Early in The Hateful Eight, John “The Hangman” Ruth (Kurt Russell) encounters Major Marquis Warren (Samuel L. Jackson), warning him to move slowly – “molasses-like” – while keeping his firearm fixed on the stranger. You could say that the film itself is comparably molasses-like; dense and dark in its substance while deliberately unhurried in its stride.
We greet each despicable character that populates The Hateful Eight with an equal degree of caution, questioning their motives and carefully observing their demeanour. The film is structurally and situationally close-knit in a way most Tarantino films aren’t; the snow globe setting confines the narrative to only a handful of set-pieces, allowing carefully-paced moments to distil until they eventually ferment. This is the essence of The Hateful Eight, which is drip-fed a diet of deceit and malice until it can no longer contain its gluttonous appetite for debauchery.
The film is set in post-civil war Wyoming; more specifically, in a haberdashery and the surrounding road to Red Rock, a small nearby town. A blizzard forces a collection of eight nefarious types to hunker down in close quarters until it passes. Within this gathering are the bounty hunters John Ruth and Major Warren, Ruth’s prisoner Daisy Domergue (Jennifer Jason Leigh), sheriff-to-be Chris Mannix (Walton Goggins), silver-tongued Englishman Oswaldo Mobray (Tim Roth), reticent cowboy Joe Gage (Michael Madsen), a Mexican innkeeper named Bob (Demián Bichir), and ex-Confederate General Sanford Smithers (Bruce Dern).
Daisy has a sizeable dead-or-alive bounty on her head, but John Ruth is determined to personally see her hang for her crimes, a point he vociferously announces to his co-occupants at the haberdashery. Though generally untrusting, Ruth senses that one or more of these fellas are there under false pretences, instigating the film’s vertebral ‘whodunit’ scenario.
From there, The Hateful Eight embarks on a volatile trajectory, with the threat of a typically macabre Tarantino exit hanging over each individual. It’s odd then that no character in this ensemble piece is classically likeable or heroic. Sure, some have their redeeming features, but for the most part, they’re either dishonest, selfish, misogynistic, racist or just plain unfriendly. The closest resemblance to a protagonist is likely Samuel L. Jackson’s character, who relishes in playing the cunning gunslinger and again demonstrates his remarkable fluency in the Tarantino dialect.
The supporting company are also impressive: Russell stomps around with amusing bearishness, Leigh is peppery and wickedly crass, while Goggins integrates perfectly, providing perhaps the most surprising character. Mannix is constituted by his naïve and obstinate devotion to a Southern familial heritage and the innate politics of the Civil War’s aftermath, which prompts an interesting arc. The remaining cast members are well suited, though somewhat disadvantaged by their characters’ one-dimensional temperament.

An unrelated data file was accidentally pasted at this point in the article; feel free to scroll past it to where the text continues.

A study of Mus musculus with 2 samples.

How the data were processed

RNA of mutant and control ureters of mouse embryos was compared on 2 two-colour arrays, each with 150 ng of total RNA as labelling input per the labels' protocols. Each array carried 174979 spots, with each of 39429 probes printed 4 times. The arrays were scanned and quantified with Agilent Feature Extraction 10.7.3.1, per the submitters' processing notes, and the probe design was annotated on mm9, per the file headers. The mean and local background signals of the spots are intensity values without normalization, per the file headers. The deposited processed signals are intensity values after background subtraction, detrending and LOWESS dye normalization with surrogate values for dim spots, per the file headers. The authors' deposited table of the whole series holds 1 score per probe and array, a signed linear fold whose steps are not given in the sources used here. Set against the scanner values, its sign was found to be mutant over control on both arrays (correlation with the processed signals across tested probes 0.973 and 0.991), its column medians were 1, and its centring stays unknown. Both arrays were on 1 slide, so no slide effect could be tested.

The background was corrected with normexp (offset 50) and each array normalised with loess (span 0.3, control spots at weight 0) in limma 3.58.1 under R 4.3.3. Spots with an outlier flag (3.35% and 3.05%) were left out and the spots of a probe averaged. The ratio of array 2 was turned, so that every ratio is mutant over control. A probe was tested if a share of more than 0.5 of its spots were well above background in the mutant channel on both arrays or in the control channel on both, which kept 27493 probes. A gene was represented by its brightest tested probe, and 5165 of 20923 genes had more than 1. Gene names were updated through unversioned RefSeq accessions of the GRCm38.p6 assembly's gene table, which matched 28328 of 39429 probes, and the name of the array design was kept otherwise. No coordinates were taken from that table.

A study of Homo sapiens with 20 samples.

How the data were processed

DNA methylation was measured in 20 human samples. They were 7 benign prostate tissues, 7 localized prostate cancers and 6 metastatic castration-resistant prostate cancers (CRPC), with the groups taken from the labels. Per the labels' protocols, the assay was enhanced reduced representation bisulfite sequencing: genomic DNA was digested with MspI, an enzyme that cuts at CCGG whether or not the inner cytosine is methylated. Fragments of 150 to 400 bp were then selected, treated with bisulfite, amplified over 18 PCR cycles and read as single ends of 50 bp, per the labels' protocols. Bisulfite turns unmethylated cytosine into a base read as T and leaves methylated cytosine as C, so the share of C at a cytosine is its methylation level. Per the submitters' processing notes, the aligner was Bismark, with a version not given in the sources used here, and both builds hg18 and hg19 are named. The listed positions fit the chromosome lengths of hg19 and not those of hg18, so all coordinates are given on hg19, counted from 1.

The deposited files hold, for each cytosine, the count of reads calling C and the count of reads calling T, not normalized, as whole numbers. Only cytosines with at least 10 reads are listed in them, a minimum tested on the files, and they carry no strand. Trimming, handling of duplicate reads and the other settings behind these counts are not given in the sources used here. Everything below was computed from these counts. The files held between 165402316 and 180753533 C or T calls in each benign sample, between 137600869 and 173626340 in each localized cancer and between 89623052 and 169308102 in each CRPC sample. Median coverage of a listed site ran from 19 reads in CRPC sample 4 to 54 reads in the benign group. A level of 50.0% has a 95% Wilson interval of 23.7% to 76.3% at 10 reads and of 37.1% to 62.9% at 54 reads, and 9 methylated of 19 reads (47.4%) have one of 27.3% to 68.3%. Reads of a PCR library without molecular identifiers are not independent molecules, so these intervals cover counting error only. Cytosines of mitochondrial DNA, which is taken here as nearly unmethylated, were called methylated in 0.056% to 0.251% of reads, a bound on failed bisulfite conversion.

As an unmistakable long-time fan of Ennio Morricone, Tarantino finally teams up with the great Western film composer (his music has dominated Tarantino’s catalogue since Kill Bill), and it’s expectedly brilliant. Morricone’s score is foreboding and atmospheric, evoking the snow-blanketed hell in which the film takes place. It’s minimalistic yet terrifically imposing, imbuing the film with poise and a musical consistency that is atypical for Tarantino films.
In terms of its ‘Tarantino-ness’, there’s plenty to revel in here, including cinematic homages and influences, structural chapters, borderline cartoonish violence and, of course, extended character monologues. It’s these wedges of dialogue that often define Tarantino’s writing style, although they’re consciously purposeful and narrative-driven here rather than random and mundane (conversations like those about cheeseburgers are notably lacking). His auteurist idiosyncrasies typically work in extraordinary harmony, and aside from his own brief voiceover narration here – which feels incompatible with the rest of the film – The Hateful Eight is another confident expression of his aptitude. Tarantino’s camerawork is increasingly becoming his greatest strength, demonstrative of a deft understanding of how to stage a scene and build tension. He draws out long shots of the snowy wilderness and the cabin’s interior here, acclimatising the viewer and exacting attentiveness. Robert Richardson’s Ultra Panavision cinematography is precise and rich in these instances.
As with recent Tarantino films like Inglourious Basterds and Django Unchained, social issues are prevalent here – predominantly racially charged – and he again uses the Western genre to reflect those era-specific America values. His treatment of female characters in The Hateful Eight may make you feel uncomfortable, but Tarantino sees gender as irrelevant here; Daisy is just as despicable as the men. He’s not interested in redemption or compassion for his characters, only frontier justice.
Like a spoonful of molasses, whether The Hateful Eight goes down smooth or makes you queasy depends on your palate for unrepentance, but it’s perfect to satisfy a sweet-tooth craving for Tarantino.